The thing that strikes you about everyone in Chennai (and one would assume hopefully the rest of India) is how nice, welcoming and generous everyone is (with the obvious exception of the scheming thieving tuk-tuk drivers!). People often say that Americans are full of hospitality, but compared to Tamil Nadu, they are not even close.
People are excruciatingly polite, very friendly, laid back and have the patience of a rock. Whether in the office, at home or out and about, you couldn’t ask to meet nicer people.
They are kittens.
I’m about to reveal how to turn kittens in to savage, uncompromising lions.
Some kind of superhero metamorphis takes over them the moment they sit behind the wheel of a car or the handlebars of a motorbike.
The red mist descends over them and suddenly the opposite of how I’ve described them above is true. The fires of hell are lit behind their eyes, venom drips from their teeth and they become more highly strung than a violin string [yeah, I nicked that one from a Discworld novel!].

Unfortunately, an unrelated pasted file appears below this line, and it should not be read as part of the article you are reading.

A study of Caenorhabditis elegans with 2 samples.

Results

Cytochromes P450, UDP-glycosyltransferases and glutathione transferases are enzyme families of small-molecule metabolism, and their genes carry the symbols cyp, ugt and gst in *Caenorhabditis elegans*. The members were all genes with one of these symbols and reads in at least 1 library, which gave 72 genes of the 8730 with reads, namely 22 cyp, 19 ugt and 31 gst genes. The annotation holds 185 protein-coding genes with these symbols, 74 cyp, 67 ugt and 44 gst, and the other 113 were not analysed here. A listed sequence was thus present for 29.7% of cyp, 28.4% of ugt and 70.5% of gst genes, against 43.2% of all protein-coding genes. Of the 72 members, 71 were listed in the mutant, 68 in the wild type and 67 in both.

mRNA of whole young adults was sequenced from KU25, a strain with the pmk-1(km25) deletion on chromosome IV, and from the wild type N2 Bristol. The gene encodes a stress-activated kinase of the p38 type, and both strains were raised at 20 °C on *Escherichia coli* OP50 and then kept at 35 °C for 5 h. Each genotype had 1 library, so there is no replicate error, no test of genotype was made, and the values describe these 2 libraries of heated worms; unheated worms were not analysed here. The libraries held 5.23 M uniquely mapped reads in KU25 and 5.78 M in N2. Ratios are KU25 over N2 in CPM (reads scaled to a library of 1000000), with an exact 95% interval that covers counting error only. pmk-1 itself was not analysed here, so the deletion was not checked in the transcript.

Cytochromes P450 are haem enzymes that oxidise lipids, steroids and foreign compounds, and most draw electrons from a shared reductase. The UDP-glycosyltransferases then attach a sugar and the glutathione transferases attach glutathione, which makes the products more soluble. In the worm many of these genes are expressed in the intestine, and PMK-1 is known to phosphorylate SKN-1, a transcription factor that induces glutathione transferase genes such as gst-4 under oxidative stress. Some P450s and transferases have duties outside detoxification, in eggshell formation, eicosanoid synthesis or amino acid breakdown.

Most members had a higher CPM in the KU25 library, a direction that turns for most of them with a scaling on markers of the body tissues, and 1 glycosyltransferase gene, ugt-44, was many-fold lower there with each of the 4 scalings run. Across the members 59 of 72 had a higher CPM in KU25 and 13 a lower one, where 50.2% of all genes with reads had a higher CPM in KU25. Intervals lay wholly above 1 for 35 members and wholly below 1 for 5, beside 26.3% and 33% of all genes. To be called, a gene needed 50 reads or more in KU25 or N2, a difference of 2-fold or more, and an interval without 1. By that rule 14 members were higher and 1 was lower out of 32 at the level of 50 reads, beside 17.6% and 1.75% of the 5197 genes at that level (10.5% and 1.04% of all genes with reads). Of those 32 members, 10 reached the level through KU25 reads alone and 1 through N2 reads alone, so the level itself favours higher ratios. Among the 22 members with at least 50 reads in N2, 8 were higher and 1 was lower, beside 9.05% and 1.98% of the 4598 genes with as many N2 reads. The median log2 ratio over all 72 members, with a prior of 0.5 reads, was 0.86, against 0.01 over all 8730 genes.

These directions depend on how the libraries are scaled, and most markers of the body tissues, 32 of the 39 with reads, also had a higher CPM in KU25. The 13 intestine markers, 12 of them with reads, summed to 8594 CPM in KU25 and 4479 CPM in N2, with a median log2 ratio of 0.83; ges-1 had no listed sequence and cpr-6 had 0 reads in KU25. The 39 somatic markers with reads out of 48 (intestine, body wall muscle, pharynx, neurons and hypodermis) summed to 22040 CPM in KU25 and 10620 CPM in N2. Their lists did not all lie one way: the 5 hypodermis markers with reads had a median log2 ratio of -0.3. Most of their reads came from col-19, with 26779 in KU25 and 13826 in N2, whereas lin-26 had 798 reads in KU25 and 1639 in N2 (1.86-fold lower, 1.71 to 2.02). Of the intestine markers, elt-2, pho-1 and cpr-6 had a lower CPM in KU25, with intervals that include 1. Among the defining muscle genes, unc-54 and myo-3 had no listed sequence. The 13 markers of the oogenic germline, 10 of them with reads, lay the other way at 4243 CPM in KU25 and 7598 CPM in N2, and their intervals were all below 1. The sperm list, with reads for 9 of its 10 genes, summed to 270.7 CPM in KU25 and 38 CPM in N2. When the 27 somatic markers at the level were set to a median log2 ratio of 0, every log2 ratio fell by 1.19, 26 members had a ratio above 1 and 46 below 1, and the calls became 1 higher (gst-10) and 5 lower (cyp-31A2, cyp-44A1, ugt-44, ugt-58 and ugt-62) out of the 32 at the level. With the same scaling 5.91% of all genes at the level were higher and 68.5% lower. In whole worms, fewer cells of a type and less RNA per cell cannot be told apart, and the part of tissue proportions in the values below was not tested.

The thing about Indian drivers is that they simply do not want to stop, ever. Until they get to where they want to go. Come hell or high water, nothing in this world can stop them as they drive from A to B.
There is often talk of the New York minute where it’s the amount of time before the guy behind you beeps his horn after the traffic light turns green. In India they are beeping while the light is still red. As I have previously discussed, traffic lights are considered suggestions, and if there is any chance of making it across without stopping, then it will be done.
I have even had detours through petrol forecourts as tuk-tuk drivers attempt to evade the traffic lights.
As I said, absolutely nothing will stop Indian drivers as they attempt to get to their destination. The motorbike drivers will pile themselves through the tiniest of gaps at 60 mph just to keep going. They will weave in and out of cars, lorries and buses to get the front of a junction and continuously edge forward.
There is no mercy on the roads. The poor guy that runs out of petrol in the middle of the road, no one will stop to let him pull over. Want to turn right at the junction? Don’t wait for the traffic to ease, one because it never will, and two because no one will stop to allow you out – and certainly don’t think that because the light is green it’s safe to go. The guy that stalls his car will not get the benefit of the doubt as a bus driver attempts to become well acquainted with his boot whilst leaning on the horn with his elbow.
Pedestrians are simply other moving targets – which makes walking down the road a challenge as there are no pavements. OK, there are, but they usually double as someone’s house.
All the politeness, easy going laid back nature is forgotten. The car becomes a weapon. Get out of my way! ROAR!